COVID-19 vaccines could have prevented at least 318,000 virus-related deaths between January 2021 and April 2022, a new analysis found.
The analysis used real-world data from the Centers for Disease Control and Prevention and The New York Times and was done by researchers from Brown School of Public Health, Brigham and Women's Hospital, Harvard T.H. Chan School of Public Health, and Microsoft AI for Health.
Their findings suggest that at least "every second person" who died from COVID since vaccines became available might have been saved by getting the shot.
"At a time when many in the U.S. have given up on vaccinations, these numbers are a stark reminder of the effectiveness of vaccines in fighting this pandemic," said Stefanie Friedhoff, associate professor of the practice in health services, policy and practice at the Brown University School of Public Health, and a co-author of the analysis. "We must continue to invest in getting more Americans vaccinated and boosted to save more lives."
Although the national average indicated that approximately 50% of deaths were preventable, researchers said there were large differences among states -- ranging from 25% to 74% vaccine-preventable deaths.
West Virginia, Wyoming, Tennessee, Kentucky and Oklahoma lead the list of states where the most lives could have been saved by COVID-19 vaccines, while states with higher vaccination rates, such as Washington, D.C., Massachusetts, Puerto Rico, Vermont and Hawaii, showed the lowest numbers of vaccine-preventable deaths.
"This compelling data illustrates the trajectory of 50 states with 50 different fates during the COVID-19 pandemic, emphasizing the important role of vaccines in protecting lives in each state," added Thomas Tsai, a surgeon at Brigham and Women's Hospital and assistant professor in health policy and management at Harvard T.H. Chan School of Public Health.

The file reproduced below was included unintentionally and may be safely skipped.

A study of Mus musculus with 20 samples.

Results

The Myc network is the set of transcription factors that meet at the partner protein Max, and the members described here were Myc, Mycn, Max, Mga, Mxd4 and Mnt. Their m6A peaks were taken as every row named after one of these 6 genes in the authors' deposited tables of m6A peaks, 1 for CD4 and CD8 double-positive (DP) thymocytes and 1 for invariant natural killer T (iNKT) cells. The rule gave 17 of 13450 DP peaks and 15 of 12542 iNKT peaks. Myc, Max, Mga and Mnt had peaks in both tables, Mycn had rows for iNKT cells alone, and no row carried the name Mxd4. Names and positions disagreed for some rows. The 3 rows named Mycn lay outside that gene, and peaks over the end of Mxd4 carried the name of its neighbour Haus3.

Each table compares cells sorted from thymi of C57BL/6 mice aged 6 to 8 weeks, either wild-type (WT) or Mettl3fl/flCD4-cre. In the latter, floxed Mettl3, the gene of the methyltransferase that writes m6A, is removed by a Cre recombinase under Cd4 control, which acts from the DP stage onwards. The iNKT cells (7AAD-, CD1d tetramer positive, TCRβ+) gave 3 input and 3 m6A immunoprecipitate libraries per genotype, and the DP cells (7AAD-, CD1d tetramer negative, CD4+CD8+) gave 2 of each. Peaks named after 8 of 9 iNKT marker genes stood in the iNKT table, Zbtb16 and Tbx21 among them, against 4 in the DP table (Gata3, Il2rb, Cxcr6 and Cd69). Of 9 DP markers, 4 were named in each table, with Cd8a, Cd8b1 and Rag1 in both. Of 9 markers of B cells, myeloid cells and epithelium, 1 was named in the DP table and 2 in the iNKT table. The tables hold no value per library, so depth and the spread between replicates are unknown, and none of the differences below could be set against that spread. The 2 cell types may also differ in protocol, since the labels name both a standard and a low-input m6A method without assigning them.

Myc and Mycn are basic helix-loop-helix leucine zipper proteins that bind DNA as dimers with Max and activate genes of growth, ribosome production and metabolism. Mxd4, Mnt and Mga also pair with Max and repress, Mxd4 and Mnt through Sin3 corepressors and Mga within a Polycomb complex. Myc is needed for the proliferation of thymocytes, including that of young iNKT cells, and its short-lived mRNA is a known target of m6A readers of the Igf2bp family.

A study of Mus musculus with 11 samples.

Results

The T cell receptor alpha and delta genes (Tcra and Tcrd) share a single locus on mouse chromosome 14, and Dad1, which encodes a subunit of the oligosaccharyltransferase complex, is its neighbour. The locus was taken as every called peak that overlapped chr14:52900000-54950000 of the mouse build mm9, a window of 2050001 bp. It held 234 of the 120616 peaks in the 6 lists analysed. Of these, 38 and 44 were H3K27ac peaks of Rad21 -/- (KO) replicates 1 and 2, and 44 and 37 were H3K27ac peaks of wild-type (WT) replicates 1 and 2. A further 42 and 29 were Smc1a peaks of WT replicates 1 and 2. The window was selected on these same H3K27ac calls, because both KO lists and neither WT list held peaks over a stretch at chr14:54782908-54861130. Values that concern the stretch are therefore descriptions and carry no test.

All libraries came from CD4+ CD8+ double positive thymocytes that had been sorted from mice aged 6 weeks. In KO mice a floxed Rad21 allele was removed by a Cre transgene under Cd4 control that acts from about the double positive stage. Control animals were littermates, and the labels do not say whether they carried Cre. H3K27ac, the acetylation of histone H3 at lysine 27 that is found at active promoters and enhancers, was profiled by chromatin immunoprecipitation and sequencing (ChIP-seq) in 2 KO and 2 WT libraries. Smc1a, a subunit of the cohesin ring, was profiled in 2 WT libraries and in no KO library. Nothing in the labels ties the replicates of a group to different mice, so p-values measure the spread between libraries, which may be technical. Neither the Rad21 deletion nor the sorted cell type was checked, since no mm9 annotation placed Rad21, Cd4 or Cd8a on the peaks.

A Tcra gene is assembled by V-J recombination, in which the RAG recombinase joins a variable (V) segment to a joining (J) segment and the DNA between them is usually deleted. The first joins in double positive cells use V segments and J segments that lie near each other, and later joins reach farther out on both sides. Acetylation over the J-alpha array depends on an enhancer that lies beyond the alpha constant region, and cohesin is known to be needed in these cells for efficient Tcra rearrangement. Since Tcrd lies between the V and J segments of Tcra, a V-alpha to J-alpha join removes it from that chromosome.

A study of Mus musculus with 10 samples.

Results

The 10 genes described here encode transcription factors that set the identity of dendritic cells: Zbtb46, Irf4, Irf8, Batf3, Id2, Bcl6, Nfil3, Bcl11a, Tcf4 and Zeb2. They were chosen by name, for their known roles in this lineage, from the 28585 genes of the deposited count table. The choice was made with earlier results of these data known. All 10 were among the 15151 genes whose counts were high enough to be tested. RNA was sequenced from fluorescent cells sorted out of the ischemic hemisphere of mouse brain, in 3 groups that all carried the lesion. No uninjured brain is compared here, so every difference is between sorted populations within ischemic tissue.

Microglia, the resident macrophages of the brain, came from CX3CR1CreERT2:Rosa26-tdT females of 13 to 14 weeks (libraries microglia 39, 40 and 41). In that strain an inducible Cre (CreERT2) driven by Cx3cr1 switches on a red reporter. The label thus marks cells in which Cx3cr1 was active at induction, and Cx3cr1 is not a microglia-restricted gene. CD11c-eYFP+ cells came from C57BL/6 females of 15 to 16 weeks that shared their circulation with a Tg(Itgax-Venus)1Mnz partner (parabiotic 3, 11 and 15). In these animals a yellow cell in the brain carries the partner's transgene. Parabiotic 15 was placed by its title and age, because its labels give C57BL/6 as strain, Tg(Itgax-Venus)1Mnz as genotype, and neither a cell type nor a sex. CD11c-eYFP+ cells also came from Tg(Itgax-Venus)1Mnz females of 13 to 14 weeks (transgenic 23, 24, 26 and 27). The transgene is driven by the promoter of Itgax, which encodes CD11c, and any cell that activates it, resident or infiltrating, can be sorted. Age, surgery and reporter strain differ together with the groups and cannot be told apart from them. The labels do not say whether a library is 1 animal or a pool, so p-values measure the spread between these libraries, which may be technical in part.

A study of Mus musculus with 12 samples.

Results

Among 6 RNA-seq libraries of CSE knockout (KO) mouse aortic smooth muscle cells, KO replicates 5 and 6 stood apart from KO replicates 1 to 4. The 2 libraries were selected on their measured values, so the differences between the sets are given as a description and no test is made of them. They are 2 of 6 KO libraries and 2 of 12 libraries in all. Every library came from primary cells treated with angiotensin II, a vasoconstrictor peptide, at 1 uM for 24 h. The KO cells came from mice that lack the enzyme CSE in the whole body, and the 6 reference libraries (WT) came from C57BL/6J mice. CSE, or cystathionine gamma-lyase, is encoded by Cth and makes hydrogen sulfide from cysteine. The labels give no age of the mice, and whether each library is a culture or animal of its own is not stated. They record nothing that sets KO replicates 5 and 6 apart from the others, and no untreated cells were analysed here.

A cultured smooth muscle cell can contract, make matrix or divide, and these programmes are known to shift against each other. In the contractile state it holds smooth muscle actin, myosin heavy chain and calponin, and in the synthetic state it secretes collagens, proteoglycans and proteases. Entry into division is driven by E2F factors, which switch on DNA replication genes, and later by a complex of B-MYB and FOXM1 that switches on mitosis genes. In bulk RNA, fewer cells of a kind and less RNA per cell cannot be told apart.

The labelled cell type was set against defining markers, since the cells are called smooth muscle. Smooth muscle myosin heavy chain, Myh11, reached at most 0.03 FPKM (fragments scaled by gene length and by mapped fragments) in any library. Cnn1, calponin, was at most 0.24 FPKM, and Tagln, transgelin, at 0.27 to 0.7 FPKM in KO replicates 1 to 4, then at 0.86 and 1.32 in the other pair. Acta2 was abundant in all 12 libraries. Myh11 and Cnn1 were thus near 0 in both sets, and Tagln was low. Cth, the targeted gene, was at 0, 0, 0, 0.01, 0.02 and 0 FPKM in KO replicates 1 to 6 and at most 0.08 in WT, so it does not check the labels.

The study comes just as the nation surpasses 1 million lives confirmed lost to COVID-19.
"It is really painful as a scientist, a physician and a public health official to see the overwhelming data that showed the difference between vaccinated versus unvaccinated and boosted when it comes to hospitalizations and deaths," Dr. Anthony Fauci, the White House's chief medical adviser, said during an interview with CNN last week. "You have this disparity of morbidity and mortality, that staring you right in the face and it's amazing -- 1 million deaths."
To date, more than 220 million Americans have been fully vaccinated, 100 million of whom have received their first COVID-19 booster, according to CDC data. However, about 92 million eligible Americans -- about half of those currently eligible -- have yet to receive their first booster shot.
"Certainly, we could have prevented at least a few 100,000 of those deaths of people who were eligible to be vaccinated, gotten vaccinated," Fauci said. "I just wish people would look at the data and believe the data it's not made up. It's real."